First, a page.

Malawi’s government is denying reports quoting President Joyce Banda that she was advised by Liberian president Ellen Johnson Sirleaf not to fight corruption during an election year.
Malawi is scheduled to hold presidential and parliamentary elections on May 20 this year, and President Sirleaf paid a three-day visit to Malawi from February 1-4.
Presidential Press Secretary Steven Nhlane says Banda did not say that she was advised to stop fighting corruption. Instead he says “President Banda acknowledged that she had been told by many of her friends, including President Sirleaf that “it is a risk to fight corruption in an election year”.
Nhlane says president Sirleaf also encouraged the Malawian president to continue fighting corruption.
“What the president said is that many of her friends, including President Sirleaf of Liberia had advised her that it is dangerous to fight corruption in an election year. But President Sirleaf, including many other friends continue to encouraged President Banda,” he said.
The Malawian government further clarified in a press release that “President Banda acknowledged that she had been told by many of her friends including President Sirleaf who was visiting that it is a risk to fight corruption in an election year, because those that you are fighting have money, and they will use that money to tarnish your image and smear it on to you”.
The story was first reported February 7 by the Malawian News Agency. But Nhlane says the reporter who wrote the story did not get all the facts right.
“This reporter from government is a fairly new reporter. He was given that assignment but he missed the facts. We would like to advise Malawi News Agency reporters and all journalists to ensure that news reports that they file for local or foreign publications are accurate,” Nhlane said.
President Banda is involved in a major anti-corruption campaign known as the so-called “Cash-Gate Scandal” in which several officials, including the justice minister have been arrested and are facing trial for stealing public funds.
Nhlane says the scandal would not affect Banda’s re-election. In fact he says Banda is confident she will win the May election by a wide margin.
“What the president has said is that yes, fighting corruption in an election may cause her to lose votes because those that you are fighting are powerful people; they have money, they will use that money to tarnish your image and smear your campaign. But she is very confident that she will win the election with a landslide” Nhlane said.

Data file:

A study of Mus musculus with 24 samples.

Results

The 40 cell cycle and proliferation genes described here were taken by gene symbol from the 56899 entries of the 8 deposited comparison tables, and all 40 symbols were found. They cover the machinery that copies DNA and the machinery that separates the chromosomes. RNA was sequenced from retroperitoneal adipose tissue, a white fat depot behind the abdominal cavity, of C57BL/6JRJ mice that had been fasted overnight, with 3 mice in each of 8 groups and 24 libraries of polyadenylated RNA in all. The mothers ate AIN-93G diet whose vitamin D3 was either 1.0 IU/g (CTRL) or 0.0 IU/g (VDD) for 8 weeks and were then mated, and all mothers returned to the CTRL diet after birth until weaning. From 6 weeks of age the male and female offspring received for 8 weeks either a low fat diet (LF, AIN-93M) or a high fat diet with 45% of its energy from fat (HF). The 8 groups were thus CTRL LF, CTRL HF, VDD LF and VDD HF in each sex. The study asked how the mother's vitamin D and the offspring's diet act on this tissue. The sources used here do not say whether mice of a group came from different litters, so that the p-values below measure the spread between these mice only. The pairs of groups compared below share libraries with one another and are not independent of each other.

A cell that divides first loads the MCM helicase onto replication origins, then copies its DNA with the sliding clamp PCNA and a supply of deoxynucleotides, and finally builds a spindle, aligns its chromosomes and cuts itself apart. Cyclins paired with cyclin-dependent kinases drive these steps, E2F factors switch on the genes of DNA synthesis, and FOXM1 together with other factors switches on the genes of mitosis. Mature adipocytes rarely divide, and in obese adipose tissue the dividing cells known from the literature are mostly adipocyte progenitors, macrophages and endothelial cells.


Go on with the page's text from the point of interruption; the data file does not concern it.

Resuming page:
Eenvoys from eight Western nations, whose aid has accounted for about 40 present of Malawi’s budget, asked Banda recently to find ways to reduce corruption.
In contrast to Malawi, Sirleaf has been accused of not being serious about fighting corruption and protecting officials accused of corrupt praces.
Corruption whistle blower Judge Melvin Johnson told VOA recently that if President Sirleaf is serious about fighting corruption she must order the arrest and prosecution of all government officials accused of corruption.
“You have this one finance minister (Amara Konneh), not named by us, but named by his colleagues. And so if this president is halfway serious about corruption, this finance minister who I am told is her son, he should be arrested and charged and given due process and let the case go forward. But the fact that there is no action; the fact that we are being pursued presumably internationally, somehow to show face to the international community that she is about anti-corruption. But she isn’t,” Johnson said.
President Sirleaf recently told a local intellectual discourse center last week that she wasn’t protecting officials who have stolen public funds.
Liberian Justice Minister Tah also told VOA that the government has been prosecuting corruption cases both in the private and public sectors.